Peter Blake & Adolfo Natalini: From Mies to Mickey Mouse
Sometimes, in the space between the archive and the library at Shatwell, we make nice conjunctions.
Here together are Peter Blake in 1992, old and very angry, writing for Abitare about the decline of architecture in late twentieth-century America; and Adolfo Natalini in 1972, young and thrilled to have got there, sketching a future beyond the Continuous Monument.
Some time in the 1960s, the American Institute of Architects invited the late Nicholaus Pevsner to come to its annual convention in Miami and to address the assembled throng. ‘The trouble with American architecture,’ Pevsner said, ‘is not that your architects are so bad; it is that your clients are not very civilised.’ This was about the time when postmodernism started to rear its head; and architects who knew how to appeal to the new generation of ‘uncivilised’ clients realised that the way to win them over was to specialise in bad taste! And so, in the name of postmodernism, or some similarly unfortunate new ‘style,’ many of America’s ‘Name Architects’ began to specialise in bad taste – a trademark just as easily recognised and identified as Donald Duck itself!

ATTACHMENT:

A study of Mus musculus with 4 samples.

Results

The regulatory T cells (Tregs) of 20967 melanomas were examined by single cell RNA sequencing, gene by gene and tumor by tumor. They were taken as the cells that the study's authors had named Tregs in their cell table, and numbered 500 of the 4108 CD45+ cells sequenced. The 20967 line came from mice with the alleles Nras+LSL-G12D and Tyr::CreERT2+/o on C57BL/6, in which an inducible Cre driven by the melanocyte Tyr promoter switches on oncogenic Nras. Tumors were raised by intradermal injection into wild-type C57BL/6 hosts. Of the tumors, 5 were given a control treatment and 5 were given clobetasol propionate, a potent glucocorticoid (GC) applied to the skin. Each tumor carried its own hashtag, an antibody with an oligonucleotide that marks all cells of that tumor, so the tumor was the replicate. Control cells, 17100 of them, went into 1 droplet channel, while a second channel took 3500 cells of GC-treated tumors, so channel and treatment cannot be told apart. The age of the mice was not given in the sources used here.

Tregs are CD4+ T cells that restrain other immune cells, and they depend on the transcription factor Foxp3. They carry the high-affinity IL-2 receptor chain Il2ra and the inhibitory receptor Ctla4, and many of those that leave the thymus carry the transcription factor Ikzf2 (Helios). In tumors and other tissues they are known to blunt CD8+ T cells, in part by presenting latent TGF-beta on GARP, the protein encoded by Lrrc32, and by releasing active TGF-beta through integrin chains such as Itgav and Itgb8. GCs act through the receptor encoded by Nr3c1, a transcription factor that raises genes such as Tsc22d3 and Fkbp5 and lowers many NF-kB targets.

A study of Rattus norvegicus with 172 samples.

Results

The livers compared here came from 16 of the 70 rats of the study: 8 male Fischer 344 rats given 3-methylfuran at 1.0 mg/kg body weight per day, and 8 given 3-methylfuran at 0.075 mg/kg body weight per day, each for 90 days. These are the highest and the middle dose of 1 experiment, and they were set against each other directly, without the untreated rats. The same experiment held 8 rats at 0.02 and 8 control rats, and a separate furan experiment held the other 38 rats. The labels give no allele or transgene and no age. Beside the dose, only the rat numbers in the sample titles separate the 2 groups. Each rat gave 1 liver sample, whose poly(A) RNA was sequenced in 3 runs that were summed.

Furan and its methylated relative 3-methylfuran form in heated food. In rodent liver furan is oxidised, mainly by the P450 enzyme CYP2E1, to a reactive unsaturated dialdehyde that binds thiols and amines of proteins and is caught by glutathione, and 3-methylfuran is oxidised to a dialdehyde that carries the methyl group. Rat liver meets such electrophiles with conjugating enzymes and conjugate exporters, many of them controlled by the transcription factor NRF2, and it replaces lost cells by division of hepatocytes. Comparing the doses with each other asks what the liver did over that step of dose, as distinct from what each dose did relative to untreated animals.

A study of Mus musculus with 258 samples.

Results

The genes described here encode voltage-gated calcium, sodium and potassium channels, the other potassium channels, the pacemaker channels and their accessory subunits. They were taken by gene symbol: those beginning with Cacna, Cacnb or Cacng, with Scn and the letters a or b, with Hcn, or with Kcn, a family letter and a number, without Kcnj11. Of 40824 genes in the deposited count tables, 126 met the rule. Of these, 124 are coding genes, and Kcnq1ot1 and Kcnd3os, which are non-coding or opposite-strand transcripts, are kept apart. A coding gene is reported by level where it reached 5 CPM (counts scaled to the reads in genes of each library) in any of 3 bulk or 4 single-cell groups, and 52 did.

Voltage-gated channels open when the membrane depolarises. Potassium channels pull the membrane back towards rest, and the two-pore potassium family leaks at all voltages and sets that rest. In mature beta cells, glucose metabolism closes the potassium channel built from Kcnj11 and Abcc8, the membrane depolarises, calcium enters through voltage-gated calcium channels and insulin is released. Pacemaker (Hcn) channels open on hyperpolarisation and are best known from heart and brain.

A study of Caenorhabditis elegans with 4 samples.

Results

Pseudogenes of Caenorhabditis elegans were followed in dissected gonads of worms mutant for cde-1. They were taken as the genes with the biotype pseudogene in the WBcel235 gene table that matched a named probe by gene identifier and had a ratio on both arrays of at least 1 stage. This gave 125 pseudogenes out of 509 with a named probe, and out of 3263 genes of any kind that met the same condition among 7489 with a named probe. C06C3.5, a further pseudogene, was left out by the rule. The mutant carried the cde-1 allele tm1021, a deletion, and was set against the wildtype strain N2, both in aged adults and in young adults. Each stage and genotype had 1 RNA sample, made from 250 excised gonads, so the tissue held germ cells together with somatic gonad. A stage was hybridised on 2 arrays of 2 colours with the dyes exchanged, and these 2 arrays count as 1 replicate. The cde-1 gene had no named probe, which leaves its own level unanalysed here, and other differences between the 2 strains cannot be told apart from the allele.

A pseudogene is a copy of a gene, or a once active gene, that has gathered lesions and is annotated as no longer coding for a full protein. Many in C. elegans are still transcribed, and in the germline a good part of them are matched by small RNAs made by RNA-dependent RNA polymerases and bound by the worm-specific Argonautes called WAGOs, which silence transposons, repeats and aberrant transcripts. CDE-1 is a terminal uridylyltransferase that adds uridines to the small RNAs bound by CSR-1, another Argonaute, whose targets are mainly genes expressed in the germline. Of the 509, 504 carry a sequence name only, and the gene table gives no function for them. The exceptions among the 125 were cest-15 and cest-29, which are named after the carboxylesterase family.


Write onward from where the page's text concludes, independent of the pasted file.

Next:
What a sad decline and fall! Starting around the middle of the 1960s, some of the best American architects – the same generation that had emerged so impressively in the post-war years – began to create their private trademarks with images as silly as those invented by the late Walt Disney – though not always quite as funny. For the thirty years or so that followed the birth of postmodernism, the talented generation that had taught at Harvard and IIT and in the offices of Eero Saarinen and Gordon Bunshaft, was forced to surrender to the merchants of bad taste, or to give up altogether.
From Mies to Mickey Mouse – that, alas, is the story of American architecture in the years since World War II. Down in Florida, not far from Disney World, they are building a new town to be called Constipation or Copulation or something like that – and virtually every American ‘Name Architect’ is contributing to its skyline. And that roster of names includes some of my dearest friends.